A week ago (May 11) Kim, Mark and I went for a walk to the historic town of Vaitahou. As we had to dinghy to the next inlet over, we had a ten-minute ride to shore. The landing spot was behind a small breakwater where there was a ramp and a place to tie up. As we neared the ramp a man standing on the edge shouted, “Attention, ca glisse!” (Be careful, it’s slippery). We nodded and Mark said “Merci,” but when we stepped out of the dinghy we realized how true the words were. Mark almost fell on his face, and Kim had hold onto the edge, completely abandoning Mark and me, who had to push up the dinghy. After a minute or two of struggling we wheeled the dinghy next to the outrigger canoes and put our shoes on.
Mark, Kim, and I started following a road that gave us a view of the ocean. Seeing a chance for school, Kim immediately started a French lesson. Ten minutes of gorgeous scenery later, we came to a dead end. After turning around and reaching the village where we had started, it promptly started to rain. Kim and I followed Mark to a building with a covered, concrete porch. We took shelter there and got directions to Vaitahou. We left and started walking up a different, steeper road. We were passing lots of tall trees, most of them coconut, but some were banana and banyan. It was raining for most of the trip, so we were utterly soaked, and the streams we crossed were raging. Wild Marquesan horses grazed on the side of the road. Around half way through the walk, we came upon a group of cows and bulls. The road at this point was only 10 feet wide, and one of the bulls was giving us the evil eye. Timidly, we skirted around it and even walked in water to get farther away. Thankfully all the bull did was turn its head around.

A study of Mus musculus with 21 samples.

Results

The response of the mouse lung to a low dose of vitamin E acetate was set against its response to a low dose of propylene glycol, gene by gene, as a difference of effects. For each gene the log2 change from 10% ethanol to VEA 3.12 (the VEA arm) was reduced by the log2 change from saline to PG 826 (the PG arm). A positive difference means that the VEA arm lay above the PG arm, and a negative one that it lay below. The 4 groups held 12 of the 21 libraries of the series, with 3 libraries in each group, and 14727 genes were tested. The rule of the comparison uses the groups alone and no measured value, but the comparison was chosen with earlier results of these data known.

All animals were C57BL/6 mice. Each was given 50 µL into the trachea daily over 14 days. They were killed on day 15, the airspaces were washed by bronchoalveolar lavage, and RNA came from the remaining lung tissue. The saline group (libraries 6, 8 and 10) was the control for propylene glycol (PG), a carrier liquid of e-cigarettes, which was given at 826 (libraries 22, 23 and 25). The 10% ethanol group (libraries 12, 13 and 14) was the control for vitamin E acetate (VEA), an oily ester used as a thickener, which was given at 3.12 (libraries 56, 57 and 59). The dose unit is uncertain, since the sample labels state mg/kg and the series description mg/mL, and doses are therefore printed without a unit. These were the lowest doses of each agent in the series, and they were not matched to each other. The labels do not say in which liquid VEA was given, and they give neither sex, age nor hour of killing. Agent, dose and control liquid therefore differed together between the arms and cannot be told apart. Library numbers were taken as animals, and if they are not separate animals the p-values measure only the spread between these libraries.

After three hours of stressful ascending and descending, we walked into Vaitahou, our legs almost collapsing. It was starting to rain yet again, so we hurried under the roof of a beautiful, open church. It had a 20-foot-wide porch surrounding the front half of the building. At each of the six corners there were arches made out of small stones supporting the ceiling. Around the pews there was a four-foot-tall wall, leaving the top twenty feet open. On the doors there were beautiful carvings, both Christian and Marquesan motifs. As soon as the rain stopped, we left and went to see the memorial of Iotete, a leader of the Marquesan people who we had read about in the church. Near the memorial there was a woman waiting for the rain to pass. We struck up a conversation and asked her about getting a ride back to the other village. We were just leaving when she was able to flag down a car for us. We sprinted to get ice-cream which we then offered to the driver.
On the drive back we talked a little and expressed our interest in how copra, dried coconut meat, was produced. Our driver actually stopped the car repeatedly to get coconuts so he could demonstrate the process. When we arrived at his house, right next to the ramp, he got an ax and two metal scrapers. He split the coconut open with his ax and the used the scraper to peel the meat out. He then gave it to us to eat. The meet tasted bland and oily. It had a crunchy texture, sort of like an apple. We also bought a bottle of handmade, all natural bug repellent, pressed from the nut of a local tree. We left and went back to our dinghy where some young children helped us put it in the water, slipping and sliding all the way. Devon.